The Intel® Trace Analyzer and Collector for Linux* and Windows* is a low-overhead scalable event-tracing library with graphical analysis that reduces the time it takes an application developer to enable maximum performance of cluster applications. This package is for users who developer on and build for Intel® 64 architectures on Linux* and Windows*, as well as customers running on Intel® Xeon Phi™. The package also includes an option download on OS X* for analysis only. You must have a valid license to download, install, and use this product.
The first step in analyzing a hybrid MPI/OpenMP* application is getting an overview of the application performance. There is a tool called MPI Performance Snapshot (MPS) that can provide the general performance information about your application. This includes MPI and OpenMP time and load balance information, information about memory and disk usage, most utilized MPI operations, and more.
There are three key reasons for an application to be MPI-bound:
High wait times inside the MPI library. This occurs when a process waits for the data from other processes. This case is characterized with high values of MPI Imbalance indicator.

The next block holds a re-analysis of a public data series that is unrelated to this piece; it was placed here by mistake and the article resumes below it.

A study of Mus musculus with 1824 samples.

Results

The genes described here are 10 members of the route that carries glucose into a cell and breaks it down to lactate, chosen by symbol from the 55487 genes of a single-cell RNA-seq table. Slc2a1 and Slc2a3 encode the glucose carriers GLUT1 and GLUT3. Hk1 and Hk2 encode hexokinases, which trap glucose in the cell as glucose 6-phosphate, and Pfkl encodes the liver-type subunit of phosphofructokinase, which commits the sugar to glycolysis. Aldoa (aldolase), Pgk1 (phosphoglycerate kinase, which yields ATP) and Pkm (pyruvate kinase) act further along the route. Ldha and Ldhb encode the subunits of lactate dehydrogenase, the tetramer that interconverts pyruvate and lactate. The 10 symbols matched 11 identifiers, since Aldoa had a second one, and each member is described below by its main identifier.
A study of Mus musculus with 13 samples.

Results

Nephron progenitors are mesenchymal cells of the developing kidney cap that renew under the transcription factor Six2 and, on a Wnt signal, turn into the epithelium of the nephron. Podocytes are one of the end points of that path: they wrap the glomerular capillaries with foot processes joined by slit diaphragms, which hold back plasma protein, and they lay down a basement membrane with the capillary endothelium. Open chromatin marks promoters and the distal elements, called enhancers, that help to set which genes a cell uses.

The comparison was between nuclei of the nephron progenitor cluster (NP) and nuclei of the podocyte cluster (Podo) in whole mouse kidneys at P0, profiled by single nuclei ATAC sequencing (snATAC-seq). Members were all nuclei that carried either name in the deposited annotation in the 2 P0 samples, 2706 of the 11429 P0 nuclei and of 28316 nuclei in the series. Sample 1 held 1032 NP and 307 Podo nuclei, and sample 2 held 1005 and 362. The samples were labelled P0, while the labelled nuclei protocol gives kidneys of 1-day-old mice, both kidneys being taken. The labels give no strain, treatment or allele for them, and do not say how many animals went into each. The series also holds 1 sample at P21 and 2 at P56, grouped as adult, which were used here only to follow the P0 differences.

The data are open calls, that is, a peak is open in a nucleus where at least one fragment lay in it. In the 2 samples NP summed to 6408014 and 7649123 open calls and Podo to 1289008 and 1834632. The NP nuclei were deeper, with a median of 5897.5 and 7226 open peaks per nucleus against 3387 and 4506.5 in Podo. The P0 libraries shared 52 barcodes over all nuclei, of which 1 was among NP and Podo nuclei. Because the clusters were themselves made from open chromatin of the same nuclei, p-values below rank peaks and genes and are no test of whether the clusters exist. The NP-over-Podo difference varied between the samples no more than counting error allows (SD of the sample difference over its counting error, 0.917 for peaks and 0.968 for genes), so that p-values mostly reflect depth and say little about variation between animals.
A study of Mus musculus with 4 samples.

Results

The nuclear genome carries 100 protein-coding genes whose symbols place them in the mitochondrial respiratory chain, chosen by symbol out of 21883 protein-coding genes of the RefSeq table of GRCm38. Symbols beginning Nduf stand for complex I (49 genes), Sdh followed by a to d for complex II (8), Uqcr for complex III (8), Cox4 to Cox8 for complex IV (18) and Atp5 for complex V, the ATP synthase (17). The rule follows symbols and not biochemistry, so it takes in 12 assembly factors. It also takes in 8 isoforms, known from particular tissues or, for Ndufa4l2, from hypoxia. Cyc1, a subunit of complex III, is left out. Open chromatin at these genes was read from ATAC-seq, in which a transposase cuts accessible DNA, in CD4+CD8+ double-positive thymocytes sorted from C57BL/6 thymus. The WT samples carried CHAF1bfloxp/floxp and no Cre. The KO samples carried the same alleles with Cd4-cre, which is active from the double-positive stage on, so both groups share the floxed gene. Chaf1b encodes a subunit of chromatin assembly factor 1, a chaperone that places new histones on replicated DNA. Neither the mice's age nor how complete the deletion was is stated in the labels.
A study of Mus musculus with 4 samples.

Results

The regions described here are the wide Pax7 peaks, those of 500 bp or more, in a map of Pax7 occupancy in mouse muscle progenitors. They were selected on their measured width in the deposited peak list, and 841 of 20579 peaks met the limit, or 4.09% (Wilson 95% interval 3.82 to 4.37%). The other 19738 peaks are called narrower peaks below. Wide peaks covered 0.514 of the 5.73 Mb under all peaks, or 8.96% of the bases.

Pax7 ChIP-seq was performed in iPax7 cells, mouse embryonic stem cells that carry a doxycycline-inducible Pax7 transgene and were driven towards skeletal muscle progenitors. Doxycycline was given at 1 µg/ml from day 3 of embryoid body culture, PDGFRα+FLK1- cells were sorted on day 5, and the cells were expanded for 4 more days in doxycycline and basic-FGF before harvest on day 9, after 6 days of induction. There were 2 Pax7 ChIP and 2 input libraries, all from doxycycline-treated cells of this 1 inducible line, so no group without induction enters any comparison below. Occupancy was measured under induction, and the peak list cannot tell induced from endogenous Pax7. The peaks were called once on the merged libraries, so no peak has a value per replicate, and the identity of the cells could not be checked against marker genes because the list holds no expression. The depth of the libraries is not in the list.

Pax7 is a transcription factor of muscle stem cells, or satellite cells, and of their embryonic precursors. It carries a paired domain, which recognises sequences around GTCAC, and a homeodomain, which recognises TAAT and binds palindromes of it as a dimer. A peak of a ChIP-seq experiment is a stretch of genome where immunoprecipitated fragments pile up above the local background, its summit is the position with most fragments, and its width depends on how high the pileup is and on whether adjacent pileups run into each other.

Poor or incorrectly set optimization settings of the library.
To improve performance of the heart_demo application, it is necessary to change the communication pattern.
Use Intel® VTune™ Amplifier XE to understand why the computation time of the 2/64 combination is worse than the 32/4 combination even though the elapsed time is much less. A lower elapsed time for 32/4 is not possible due to the overhead of MPI deployments. As a result, it is better to focus on improving the computation time for the 2/64 combination instead.
To analyze the application performance with VTune Amplifier:
After updating the vector instruction set, collect performance data again with Intel VTune Amplifier to find additional optimization opportunities.
You have completed the Analyzing OpenMP* and MPI Applications tutorial with MPI Performance Snapshot, Intel® Trace Analyzer and Collector, and Intel® VTune™ Amplifier XE. Here are some important things to remember when working with your own hybrid application:
Baseline: A performance metric used as a basis for comparison of the application versions before and after optimization. Baseline should be measurable and reproducible.
Computation Time: The time your application ran without any additional overhead (initialization time, finalization time, etc.). Computation time is included in Elapsed Time.
Before you start analyzing the performance of the target application, do the following:
Intel® Trace Analyzer and Collector
MPI Performance Snapshot
Intel® VTune™ Amplifier XE for Linux* OS
Discover how to use Intel® Parallel Studio to tune hybrid applications by reviewing MPI utilization inefficiencies and balancing thread load levels.